Thursday, November 23rd, 2017

The real distractions


Publication:Waukesha Freeman (Conley); Date:Apr 26, 2012; Section:Opinion; Page Number:8A

The real distractions
Act 10 success is real story of recall

(James Wigderson is a blogger publishing at and a Waukesha resident. His column runs Thursdays in The Freeman.)

As those of you that follow me online already know, this last weekend I was at BlogCon 2012 in Charlotte, N.C. Roughly 200 conservative bloggers and online journalists from around the country gathered to share ideas and techniques.

I’ll confess to an excessive amount of socializing, too. While our friends on the left are well practiced in “occupying” parks in their tents, we were quite successful in our Occupy Hotel Bar movement.

But whether it was in the learning sessions, the hotel bar, or even the nearby restaurants, I was never far from a discussion of Wisconsin’s recalls. Everyone wanted to meet the writers from Wisconsin, and not just because I am so good looking.

A couple from Oregon asked me about the recalls because Gov. Scott Walker’s reforms made them aware of how much the public employee unions were in control of their state. They said it was “corrupt” how a union could contribute so much money to elect the public officials who would then negotiate with the same union on wages and benefits. They’re hoping that Wisconsin sets the example for the rest of the country and breaks the cycle.

A blogger from Indiana told me she was praying for the people of Wisconsin. Others expressed concern for Lt. Gov. Rebecca Kleefisch, wanting to make sure people in Wisconsin were fighting for her, too.

From California to North Carolina, everyone I spoke with had an opinion about Gov. Scott Walker’s Act 10 reforms. When the political left chants, “The whole world is watching,” they’re right. The whole world is watching to see if Walker’s Act 10 reforms are working, and if they’ll be overturned in the recall process.

That’s why I was surprised when I came back to Wisconsin to hear Milwaukee Mayor Tom Barrett call news of the latest budget savings totals of Act 10 “a distraction.”

In case you missed it, Walker announced this week that Act 10 had saved state and local governments $1 billion so far. Barrett said the savings distracted from the governor’s record and the Democratic Party, while claiming the numbers were inflated, also claimed the budget savings were an attempt to distract from the governor’s record.

A distraction from the record? I thought the whole idea of the recall movement was to repeal Act 10. Isn’t Act 10, the reforms of the public employee unions’ abilities to negotiate for benefits and workplace rules, the whole reason the teachers unions shut down schools last year to march on Madison? Isn’t the collective bargaining reform law the reason union leaders pressured Kathleen Falk to promise to veto any state budget that does not include repeal of the law if she is elected governor? Isn’t the collective bargaining law the reason why Republican legislators have been stalked and harassed in Madison?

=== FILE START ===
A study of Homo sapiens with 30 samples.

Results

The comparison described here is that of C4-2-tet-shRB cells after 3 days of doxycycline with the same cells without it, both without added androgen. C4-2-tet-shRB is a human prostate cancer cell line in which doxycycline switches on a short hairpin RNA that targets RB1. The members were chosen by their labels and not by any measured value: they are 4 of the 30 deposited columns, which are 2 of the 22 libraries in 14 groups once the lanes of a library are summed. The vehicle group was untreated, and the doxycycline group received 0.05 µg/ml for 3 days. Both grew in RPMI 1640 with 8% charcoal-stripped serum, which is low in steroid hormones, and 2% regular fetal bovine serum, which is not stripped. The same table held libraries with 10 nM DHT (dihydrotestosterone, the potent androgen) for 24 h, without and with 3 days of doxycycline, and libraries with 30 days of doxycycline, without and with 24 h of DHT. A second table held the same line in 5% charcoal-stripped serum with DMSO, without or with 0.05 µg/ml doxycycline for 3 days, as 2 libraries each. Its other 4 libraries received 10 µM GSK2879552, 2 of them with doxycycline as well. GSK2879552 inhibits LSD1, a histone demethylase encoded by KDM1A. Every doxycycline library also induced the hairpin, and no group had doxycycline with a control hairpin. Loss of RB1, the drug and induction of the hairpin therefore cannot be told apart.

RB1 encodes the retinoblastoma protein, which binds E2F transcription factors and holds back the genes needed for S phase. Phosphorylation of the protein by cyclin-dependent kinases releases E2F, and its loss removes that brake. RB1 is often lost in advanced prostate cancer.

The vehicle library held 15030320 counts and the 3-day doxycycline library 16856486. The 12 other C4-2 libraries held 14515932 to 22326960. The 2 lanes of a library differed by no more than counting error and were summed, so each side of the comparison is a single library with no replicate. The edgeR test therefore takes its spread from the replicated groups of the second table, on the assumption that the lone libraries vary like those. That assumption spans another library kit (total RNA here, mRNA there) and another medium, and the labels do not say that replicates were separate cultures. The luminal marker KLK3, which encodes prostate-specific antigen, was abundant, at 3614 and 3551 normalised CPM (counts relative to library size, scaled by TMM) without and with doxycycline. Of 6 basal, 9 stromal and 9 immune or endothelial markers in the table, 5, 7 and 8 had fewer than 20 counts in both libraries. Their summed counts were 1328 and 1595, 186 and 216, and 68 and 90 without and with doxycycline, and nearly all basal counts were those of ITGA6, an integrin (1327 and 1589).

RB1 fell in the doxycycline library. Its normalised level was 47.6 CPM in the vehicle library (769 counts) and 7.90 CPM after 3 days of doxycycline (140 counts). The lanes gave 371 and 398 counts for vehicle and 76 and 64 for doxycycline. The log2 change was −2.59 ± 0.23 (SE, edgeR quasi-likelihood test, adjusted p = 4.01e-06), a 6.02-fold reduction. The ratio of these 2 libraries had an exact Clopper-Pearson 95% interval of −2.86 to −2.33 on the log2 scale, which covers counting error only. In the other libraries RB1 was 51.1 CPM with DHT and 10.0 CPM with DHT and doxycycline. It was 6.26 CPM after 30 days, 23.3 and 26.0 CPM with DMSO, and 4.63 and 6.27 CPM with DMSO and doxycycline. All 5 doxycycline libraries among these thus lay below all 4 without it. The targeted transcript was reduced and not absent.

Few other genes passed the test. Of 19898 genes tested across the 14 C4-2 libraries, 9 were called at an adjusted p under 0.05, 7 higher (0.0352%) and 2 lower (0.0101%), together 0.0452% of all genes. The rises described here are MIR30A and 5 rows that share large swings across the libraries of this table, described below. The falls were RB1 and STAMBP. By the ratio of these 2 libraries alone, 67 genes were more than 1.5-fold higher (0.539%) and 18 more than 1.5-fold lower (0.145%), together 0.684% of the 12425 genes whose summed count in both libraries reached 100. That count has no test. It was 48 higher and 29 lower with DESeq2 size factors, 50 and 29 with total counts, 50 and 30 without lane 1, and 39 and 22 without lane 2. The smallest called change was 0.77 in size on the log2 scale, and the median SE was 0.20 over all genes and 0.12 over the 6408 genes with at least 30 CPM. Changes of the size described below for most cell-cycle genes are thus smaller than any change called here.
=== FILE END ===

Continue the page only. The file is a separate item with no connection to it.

You want to talk about distractions? This week Barrett received the endorsement of the Wisconsin Professional Police Association despite Barrett’s letter to state legislative leaders last year demanding that Act 10 also include police and firefighters. Walker specifically excluded those two categories of public employees because of concerns for public safety, but the union is less concerned in protecting its membership than it is in recalling Walker.

Making the endorsement even more unseemly is the number of police officers in Milwaukee who have been critical of the mayor’s response to the radio system failures, something they consider a direct threat to their safety. Obviously the recall has become a distraction for the WPPA from its mission of serving its membership.

Perhaps the reported $1 billion in savings from Act 10 is a distraction from how Barrett himself used the Act 10 reforms to fix his city’s budget. Act 10 produced a net savings for his city of $11 million. It would have saved $8.3 million more if not for an opinion from the city attorney that the pension savings from Act 10 did not apply in Milwaukee.

Or perhaps the issue of Act 10 is a distraction from how neither Barrett nor Falk have announced how much they will have to raise taxes if Act 10 is repealed. We’ll start with $1 billion.

The rest of the country sees and understands that the real issue in Wisconsin is whether the Act 10 reform will survive. Don’t let Barrett and the Democrats distract you from understanding it, too.